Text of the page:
For all the drama the Browns have had over the years, they at least had Nick Chubb. A pillar for the organization since he entered the league five years ago, the running back has provided support in more ways than one, from his leadership to his rugged running style that’s respected throughout Cleveland and across the NFL.

Cleveland took a gut punch after Chubb was carted off the field with a severe leg injury early in the second quarter of Monday night’s game against the Steelers. The Pittsburgh crowd collectively gasped after watching the replay, but they made sure to express their support for the four-time Pro Bowler by chanting “Chubb” as he left the field. Head coach Kevin Stefanski announced after the game that Chubb would miss the rest of the season.

There might not be a more physical offensive player in the league other than Titans running back Derrick Henry, and he too was devastated by Chubb’s injury, posting heart broken emojis on his social media account.

With Chubb sidelined, the Browns lost more than a Monday Night Football game against the Steelers, who prevailed 26–22. They lost their nucleus offensively. His absence will drastically impact Cleveland’s season and force Deshaun Watson to finally play up to the five-year, fully-guaranteed $230 million contract he signed last year.

Chubb suffered a severe leg injury on Monday night, which will keep him out for the rest of the season.


The two AFC North squads are 1–1 with inconsistent quarterbacks—Kenny Pickett would have had an uglier stat line had he not found George Pickens for a 71-yard touchdown in the first half. Pickett finished 15-of-30 for 222 yards, one touchdown and one interception. Watson completed 22-of-40 passes for 235 yards, one touchdown and one interception.

Both teams also have dominant defenses to lean on and could possibly push for wild-card spots, but they might not have enough offensively to compete with the undefeated Ravens and winless Cincinnati in the division. Yes, the Bengals are 0–2, but they have Joe Burrow and have proven before they can overcome slow starts, winning 12 of their final 14 games last season.

The Steelers, however, might be in better shape (despite their offensive struggles) because they have coach Mike Tomlin, who hasn’t had a losing record since taking over in Pittsburgh in 2007. The Browns, meanwhile, no longer have their consistent presence with Chubb sidelined—he has a career average of 5.3 yards per carry.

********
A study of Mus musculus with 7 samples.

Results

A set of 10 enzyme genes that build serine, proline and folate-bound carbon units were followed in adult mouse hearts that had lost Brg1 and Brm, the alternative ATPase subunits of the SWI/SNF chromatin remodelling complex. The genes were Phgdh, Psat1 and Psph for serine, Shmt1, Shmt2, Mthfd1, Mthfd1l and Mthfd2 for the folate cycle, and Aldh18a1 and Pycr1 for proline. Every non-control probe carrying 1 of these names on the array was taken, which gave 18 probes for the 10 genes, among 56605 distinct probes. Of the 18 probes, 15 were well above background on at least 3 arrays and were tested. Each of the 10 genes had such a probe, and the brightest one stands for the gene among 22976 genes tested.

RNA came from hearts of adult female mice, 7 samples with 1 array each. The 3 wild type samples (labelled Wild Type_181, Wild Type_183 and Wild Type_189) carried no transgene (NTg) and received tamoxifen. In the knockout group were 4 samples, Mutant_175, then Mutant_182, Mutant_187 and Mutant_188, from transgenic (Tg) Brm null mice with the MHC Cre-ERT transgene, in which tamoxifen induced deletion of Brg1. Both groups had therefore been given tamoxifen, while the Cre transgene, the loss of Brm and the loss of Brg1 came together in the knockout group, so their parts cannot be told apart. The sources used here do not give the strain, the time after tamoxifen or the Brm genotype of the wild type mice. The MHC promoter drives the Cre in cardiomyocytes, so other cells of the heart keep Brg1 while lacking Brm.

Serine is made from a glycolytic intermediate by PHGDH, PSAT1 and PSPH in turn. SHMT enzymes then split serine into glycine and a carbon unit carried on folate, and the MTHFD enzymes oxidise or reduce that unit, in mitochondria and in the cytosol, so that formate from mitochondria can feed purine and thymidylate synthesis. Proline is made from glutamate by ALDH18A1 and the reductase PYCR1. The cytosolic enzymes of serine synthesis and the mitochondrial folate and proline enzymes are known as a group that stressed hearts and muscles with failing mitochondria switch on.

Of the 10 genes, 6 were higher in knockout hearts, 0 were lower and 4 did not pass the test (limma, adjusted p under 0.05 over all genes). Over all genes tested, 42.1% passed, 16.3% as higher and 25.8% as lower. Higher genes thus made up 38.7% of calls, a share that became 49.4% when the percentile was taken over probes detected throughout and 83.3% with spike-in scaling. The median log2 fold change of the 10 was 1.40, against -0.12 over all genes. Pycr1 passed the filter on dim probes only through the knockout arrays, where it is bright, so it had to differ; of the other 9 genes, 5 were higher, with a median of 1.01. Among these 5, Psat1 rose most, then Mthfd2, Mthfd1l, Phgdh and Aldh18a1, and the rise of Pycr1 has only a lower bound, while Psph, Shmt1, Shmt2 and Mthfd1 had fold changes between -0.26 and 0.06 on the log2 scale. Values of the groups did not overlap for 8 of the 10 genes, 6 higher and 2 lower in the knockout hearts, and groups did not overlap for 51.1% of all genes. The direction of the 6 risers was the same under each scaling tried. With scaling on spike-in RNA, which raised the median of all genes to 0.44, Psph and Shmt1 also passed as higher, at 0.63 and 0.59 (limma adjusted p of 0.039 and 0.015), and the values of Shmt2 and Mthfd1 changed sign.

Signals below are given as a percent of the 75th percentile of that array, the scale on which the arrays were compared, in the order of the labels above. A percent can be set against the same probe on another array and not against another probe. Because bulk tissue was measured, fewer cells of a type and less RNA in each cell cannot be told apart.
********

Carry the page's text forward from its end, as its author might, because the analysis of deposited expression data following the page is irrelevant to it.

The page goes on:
Watson has struggled since he joined the Browns last season, but he didn’t need to have the type of performances that made him a star with the Texans because Chubb was around to break tackles and provide lengthy scampers. Watson was asked to make a few plays to allow Chubb to see more running lanes with a balanced attack, as if Watson is a second-year quarterback being asked to do the bare minimum to limit the growing pains.

Pickett is actually in his second year in the league, and he committed many mistakes against Cleveland’s stout defense. Watson missed a handful of throws, and he’s a three-time Pro Bowler who was once viewed as a top-five quarterback after he took the league by storm as a rookie first-round pick in 2017.

The Browns made their bed when they embarrassed themselves by doing whatever it took to sign Watson, despite facing more than two dozen lawsuits at the time, detailing graphic accounts of sexual harrassment and sexual assault. Watson was suspended the first 11 games of last season for sexual misconduct.

Watson had two back-breaking turnovers in Cleveland’s 26-22 loss to the Steelers on Monday.


The Browns had a dreadful start with a pick-six on the opening drive and a missed field goal on the third drive. On the first play of the game, Watson’s pass went off the fingertips of Harrison Bryant, who managed to prevent safety Minkah Fitzpatrick from catching the ball, but the second bounce found edge rusher Alex Highsmith, who returned the interception 30 yards for the touchdown.

The Steelers’ offense only ran six plays in the first quarter, including a head-scratching interception from Pickett, who failed to see safety Grant Delpit on the slant to Pickens.

But Pickett’s best throw Monday night was the 71-yard touchdown pass to Pickens to give the Steelers a 16–11 lead in the second quarter. Pickett stood in the pocket and rifled the pass to the middle of the field before taking a massive hit from nose tackle Dalvin Tomlinson.

Pickett has shown flashes at times, and flashes are OK for a second-year quarterback, not for a quarterback as established as Watson. The Browns are going to need a whole lot more from Watson if they plan to keep pace in the AFC North without Chubb this season.